The complexity of enumeration and counting for acyclic conjunctive queries
Seminar Room 1, Newton Institute
Enumerating all the solutions of a problem or counting the number of these solutions are two related algorithmic tasks. Complexity measures, however, are of a different nature. For enumeration problem, for example, one of the main notion is that of delay between generated solutions. A problem is considered as tractable if one can enumerate the solutions one by one without repetition with a "reasonable" delay (e.g. polynomial, linear or constant time) between two solutions.
In this talk, we will make a tour on the complexity of enumeration and
(weighted) counting for acyclic conjunctive queries (ACQ), a well-known tractable fragment (for decision) of conjunctive queries.
We first show that there is a dichotomy for enumeration and, up to some reasonable complexity assumption, such queries are either enumerable with a linear or with a "constant" delay. Hence, in all cases, enumeration is tractable.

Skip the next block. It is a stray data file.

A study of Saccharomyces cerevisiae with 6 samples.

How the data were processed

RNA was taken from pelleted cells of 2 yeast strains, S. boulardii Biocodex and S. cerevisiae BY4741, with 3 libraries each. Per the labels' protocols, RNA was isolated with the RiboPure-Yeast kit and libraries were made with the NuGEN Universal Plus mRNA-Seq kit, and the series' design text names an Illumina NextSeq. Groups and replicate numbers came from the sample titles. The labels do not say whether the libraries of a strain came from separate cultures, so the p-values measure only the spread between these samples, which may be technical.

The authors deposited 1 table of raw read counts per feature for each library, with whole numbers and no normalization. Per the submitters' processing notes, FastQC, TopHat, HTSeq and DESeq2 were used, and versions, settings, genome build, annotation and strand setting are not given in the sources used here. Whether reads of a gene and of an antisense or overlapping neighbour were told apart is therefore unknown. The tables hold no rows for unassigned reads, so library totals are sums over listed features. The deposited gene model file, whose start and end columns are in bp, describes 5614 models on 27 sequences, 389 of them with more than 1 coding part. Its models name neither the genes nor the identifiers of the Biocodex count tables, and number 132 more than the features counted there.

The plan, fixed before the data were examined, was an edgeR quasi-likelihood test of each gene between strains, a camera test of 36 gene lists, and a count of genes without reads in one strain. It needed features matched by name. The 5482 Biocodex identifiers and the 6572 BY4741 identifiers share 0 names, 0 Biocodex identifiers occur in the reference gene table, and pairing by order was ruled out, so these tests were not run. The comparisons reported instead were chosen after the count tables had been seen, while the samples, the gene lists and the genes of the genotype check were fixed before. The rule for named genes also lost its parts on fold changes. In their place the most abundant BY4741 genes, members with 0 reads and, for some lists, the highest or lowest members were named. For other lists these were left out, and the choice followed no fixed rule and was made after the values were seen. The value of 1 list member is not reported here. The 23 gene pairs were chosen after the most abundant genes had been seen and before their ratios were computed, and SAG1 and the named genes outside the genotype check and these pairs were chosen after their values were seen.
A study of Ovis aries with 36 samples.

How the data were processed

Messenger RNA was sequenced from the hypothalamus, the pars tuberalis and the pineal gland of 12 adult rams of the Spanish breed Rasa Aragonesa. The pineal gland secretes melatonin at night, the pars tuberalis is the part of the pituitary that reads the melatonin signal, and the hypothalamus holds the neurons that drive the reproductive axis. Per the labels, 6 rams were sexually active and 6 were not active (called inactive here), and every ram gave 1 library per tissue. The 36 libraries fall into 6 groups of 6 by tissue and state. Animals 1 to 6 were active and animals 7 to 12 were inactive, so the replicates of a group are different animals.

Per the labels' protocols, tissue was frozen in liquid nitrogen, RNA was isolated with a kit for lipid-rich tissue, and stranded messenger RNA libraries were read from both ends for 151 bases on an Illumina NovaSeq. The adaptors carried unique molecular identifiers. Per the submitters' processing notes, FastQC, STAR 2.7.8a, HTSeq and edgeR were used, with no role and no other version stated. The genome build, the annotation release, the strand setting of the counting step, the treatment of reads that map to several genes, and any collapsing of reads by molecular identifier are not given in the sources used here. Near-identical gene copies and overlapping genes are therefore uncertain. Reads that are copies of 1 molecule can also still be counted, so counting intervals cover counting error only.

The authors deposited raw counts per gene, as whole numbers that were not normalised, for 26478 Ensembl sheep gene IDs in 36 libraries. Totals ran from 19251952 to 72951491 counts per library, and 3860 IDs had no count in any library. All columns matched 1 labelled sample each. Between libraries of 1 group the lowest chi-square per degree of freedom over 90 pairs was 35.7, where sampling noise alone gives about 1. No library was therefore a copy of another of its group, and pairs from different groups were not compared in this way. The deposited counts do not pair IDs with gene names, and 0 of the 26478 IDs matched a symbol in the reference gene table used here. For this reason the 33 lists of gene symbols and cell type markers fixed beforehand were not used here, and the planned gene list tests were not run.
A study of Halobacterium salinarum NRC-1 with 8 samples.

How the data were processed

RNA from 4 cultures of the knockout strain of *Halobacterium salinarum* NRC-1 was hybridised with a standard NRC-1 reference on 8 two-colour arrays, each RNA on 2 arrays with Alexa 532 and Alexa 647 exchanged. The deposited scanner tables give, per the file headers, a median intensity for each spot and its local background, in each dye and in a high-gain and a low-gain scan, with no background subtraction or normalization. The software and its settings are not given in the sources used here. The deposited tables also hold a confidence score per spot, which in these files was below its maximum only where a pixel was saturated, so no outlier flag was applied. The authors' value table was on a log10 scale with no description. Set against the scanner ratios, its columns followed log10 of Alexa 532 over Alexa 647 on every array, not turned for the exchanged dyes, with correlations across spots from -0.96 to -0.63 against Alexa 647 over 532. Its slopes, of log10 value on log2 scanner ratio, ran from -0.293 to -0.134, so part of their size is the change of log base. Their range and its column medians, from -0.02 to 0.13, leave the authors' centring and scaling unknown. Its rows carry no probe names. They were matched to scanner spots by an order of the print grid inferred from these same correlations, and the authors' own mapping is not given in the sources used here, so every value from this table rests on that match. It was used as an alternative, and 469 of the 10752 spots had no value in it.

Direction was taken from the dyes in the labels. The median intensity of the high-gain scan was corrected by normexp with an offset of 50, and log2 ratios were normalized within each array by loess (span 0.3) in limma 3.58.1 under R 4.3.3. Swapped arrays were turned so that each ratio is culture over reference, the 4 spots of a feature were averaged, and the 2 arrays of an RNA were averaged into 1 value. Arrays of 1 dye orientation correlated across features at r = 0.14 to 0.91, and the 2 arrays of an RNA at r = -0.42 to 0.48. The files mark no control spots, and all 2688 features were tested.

For weighted counting, the situation is more complex. The unweighted quantifier free version of this problem is known to be tractable (for combined complexity), but it is also known that introducing even a single quantified variable makes it #P-hard. By introducing some polynomial representation of queries, we first show that weighted counting for quantifier-free ACQ is still tractable and that even minimalistic extensions of the problem lead to hard cases. We then introduce a new parameter for quantified queries that permits to isolate large island of tractability. We show that, up to a standard assumption from parameterized complexity, this parameter fully characterizes tractable subclasses for counting weighted solutions of ACQ queries. This completely determine the tractability frontier for weighted counting in this case.